My wife picked up a collection of short stories by H. P. Lovecraft, and came across a story she really liked. Lovecraft did a really good job, until the story came to an abrupt end when—from out of nowhere—a lightning bolt burns down the house and everything inside it, including the main character.
I did not shriek or move, but merely shut my eyes. A moment later came the titanic thunderbolt of thunderbolts; blasting that accursed house of unutterable secrets and bringing the oblivion which alone saved my mind.
—H. P. Lovecraft, The Picture in the House
My wife’s reaction was classic: “…uh, seriously?”
The ending to your story will make it or break it for your readers. You need a good payoff, but how do you do that? This question doesn’t have an easy answer, and as you can see from Lovecraft’s example above, it’s a problem that has plagued writers since mankind first put pen to paper.
Fortunately, you have tools.
1. Do you know your story from your villain’s point of view?
I could write an entire blog on this particular point; it is really that important. If you don’t explore your story from the villain’s POV, your readers will complain that they can’t figure out what your villain is after. Your story will never feel like it’s going anywhere, and you will never come up with a conclusion that feels satisfying.
Most plot-based stories take on one of two forms. The first form is reactive, where the protagonist is thrown into the action through an inciting event, and they must stop the villain from accomplishing their dastardly plans. Think Raiders of the Lost Ark. The Nazis are trying to find the Israelite’s lost Ark of the Covenant. Hitler sees the Ark as an ultimate weapon to help him win the war. Indiana Jones must stop the Nazis before they are successful and the United States is defeated.
The second plot-type is proactive, where the hero sees a challenge and comes up with a plan to overcome it. Think The Guns of Navarone, where a team of spies must destroy a Nazi naval gun battery so that a group of British destroyers can rescue 2,000 British soldiers that are marooned.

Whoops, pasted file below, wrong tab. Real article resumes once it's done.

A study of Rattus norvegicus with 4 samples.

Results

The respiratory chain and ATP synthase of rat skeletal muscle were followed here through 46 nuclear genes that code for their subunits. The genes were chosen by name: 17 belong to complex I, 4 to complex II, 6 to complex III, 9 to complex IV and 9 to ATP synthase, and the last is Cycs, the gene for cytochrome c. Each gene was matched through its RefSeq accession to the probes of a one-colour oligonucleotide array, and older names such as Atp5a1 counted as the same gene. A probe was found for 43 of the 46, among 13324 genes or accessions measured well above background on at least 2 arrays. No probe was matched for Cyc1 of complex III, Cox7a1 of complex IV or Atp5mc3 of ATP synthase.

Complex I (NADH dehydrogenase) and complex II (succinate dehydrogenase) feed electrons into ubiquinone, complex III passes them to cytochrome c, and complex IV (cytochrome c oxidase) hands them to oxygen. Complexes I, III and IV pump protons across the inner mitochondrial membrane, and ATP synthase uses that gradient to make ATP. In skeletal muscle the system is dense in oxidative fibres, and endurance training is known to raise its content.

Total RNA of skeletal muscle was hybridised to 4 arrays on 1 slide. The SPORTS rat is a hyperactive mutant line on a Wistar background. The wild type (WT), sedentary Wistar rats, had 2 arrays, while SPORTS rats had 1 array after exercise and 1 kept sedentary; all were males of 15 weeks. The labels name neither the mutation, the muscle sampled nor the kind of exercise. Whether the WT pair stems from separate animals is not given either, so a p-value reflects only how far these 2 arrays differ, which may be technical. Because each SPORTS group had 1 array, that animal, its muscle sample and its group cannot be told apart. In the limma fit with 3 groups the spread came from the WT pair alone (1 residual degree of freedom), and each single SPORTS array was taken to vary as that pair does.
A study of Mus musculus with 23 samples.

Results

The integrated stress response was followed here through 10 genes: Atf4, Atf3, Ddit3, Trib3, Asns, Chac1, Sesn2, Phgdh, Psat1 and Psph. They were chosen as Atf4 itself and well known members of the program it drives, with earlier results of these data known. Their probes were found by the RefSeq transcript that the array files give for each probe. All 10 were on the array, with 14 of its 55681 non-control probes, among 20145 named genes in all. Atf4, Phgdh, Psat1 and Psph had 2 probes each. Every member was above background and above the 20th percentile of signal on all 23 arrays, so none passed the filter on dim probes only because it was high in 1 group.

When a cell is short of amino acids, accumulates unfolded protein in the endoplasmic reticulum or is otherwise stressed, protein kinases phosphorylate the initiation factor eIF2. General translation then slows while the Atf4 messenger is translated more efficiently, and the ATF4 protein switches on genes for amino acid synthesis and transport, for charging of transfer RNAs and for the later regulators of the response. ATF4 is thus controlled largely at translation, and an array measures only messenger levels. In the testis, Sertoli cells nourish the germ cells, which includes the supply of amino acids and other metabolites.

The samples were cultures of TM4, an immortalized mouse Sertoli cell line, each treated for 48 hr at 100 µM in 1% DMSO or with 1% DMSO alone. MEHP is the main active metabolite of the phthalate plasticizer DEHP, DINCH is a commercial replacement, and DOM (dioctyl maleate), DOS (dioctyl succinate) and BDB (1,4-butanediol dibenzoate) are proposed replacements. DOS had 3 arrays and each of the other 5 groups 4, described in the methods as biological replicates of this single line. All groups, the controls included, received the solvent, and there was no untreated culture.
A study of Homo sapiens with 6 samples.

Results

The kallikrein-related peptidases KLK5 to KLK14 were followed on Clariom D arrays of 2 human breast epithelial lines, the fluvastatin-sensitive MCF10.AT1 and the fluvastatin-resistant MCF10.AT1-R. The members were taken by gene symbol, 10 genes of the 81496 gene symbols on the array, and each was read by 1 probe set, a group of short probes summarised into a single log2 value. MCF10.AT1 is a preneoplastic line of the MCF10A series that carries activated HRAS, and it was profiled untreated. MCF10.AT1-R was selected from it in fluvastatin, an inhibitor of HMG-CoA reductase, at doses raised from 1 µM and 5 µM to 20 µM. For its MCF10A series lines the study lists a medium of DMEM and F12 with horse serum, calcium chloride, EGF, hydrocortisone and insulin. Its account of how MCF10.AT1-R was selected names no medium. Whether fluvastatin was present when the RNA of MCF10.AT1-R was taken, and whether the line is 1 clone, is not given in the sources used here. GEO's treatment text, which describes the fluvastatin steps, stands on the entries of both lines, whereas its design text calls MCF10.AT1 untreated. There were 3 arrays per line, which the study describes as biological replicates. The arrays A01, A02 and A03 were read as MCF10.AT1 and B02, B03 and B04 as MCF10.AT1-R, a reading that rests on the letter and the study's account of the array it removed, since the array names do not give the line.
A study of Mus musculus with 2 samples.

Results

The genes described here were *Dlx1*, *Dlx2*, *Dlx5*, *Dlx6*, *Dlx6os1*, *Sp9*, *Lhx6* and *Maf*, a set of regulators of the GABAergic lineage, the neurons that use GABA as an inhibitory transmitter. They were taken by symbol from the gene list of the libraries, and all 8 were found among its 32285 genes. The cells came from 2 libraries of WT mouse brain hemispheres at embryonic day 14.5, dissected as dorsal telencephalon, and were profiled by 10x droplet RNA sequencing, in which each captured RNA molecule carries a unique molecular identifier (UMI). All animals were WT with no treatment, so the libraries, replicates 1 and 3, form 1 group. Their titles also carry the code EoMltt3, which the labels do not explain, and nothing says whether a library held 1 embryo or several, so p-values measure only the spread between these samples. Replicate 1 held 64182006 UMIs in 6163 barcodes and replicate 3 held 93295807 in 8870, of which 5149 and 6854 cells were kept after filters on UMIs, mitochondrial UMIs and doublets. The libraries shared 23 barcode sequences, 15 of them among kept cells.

Most plot-based stories have a villain or a group of villains. You need to know what your villain’s motives are. If your story is reactive, then you need to know how your villain plans to achieve their ends. If your plot is proactive, then you need to know what resources the villain has and how the villain can respond to threats.
As an exercise, sit down and free-write for 20 minutes, putting yourself in your villain’s shoes. Why are they committed to their cause, what do they want to accomplish, and how do they plan on achieving their goals?
2. How has the story affected your main character?
An inner struggle is not essential, but it can add depth to your story and your readers will form a stronger bond with your characters.
As an exercise, free-write for 20 minutes and answer the following questions:
- Why did the story matter, personally, to the main character? How is the conflict meaningful to the main character?
- How has the main character grown or changed? Has the hero had to re-think the way they look at things? Has the hero found peace and understanding? Or has the hero become more deeply connected to their cause?
- What has the hero had to sacrifice for their cause? How has that sacrifice paid off?
- What circumstances made this story emotionally difficult for your main character?
- What has the hero gained, either personally/inwardly, or outwardly?
- What has the hero lost?
- What has the hero resolved to do from now on?
- What has the hero resolved to never do again?
You’re not done free-writing yet.
Make a list of all your loose ends. Write down the points of your main plot. Write down all your B-plots and side stories. Now brainstorm 10 different ways that your plot could go.
Some of your ideas will be good and some will stink, but that’s part of the process. Don’t stop when you’ve found a good idea You really need more than one for this to work. Keep going, keep thinking up new ideas! If you get 10 ideas and they all stink, then extend your list to 20 ideas. You will eventually come up with something.
Now pick two or three good ideas, and free-write the endings at a high level.
There’s a lot of brainstorming and free-writing involved in this process. In general, the best endings feel logically inevitable yet are still a surprise.
I’ve used all three of these techniques to bring my stories together. The first technique is particularly useful when I’ve been stuck in the middle of a story. Technique 2 is particularly useful after I’ve finished the first draft of the story and I want to go back and add character depth. Finally, I use technique 3 throughout the story development process.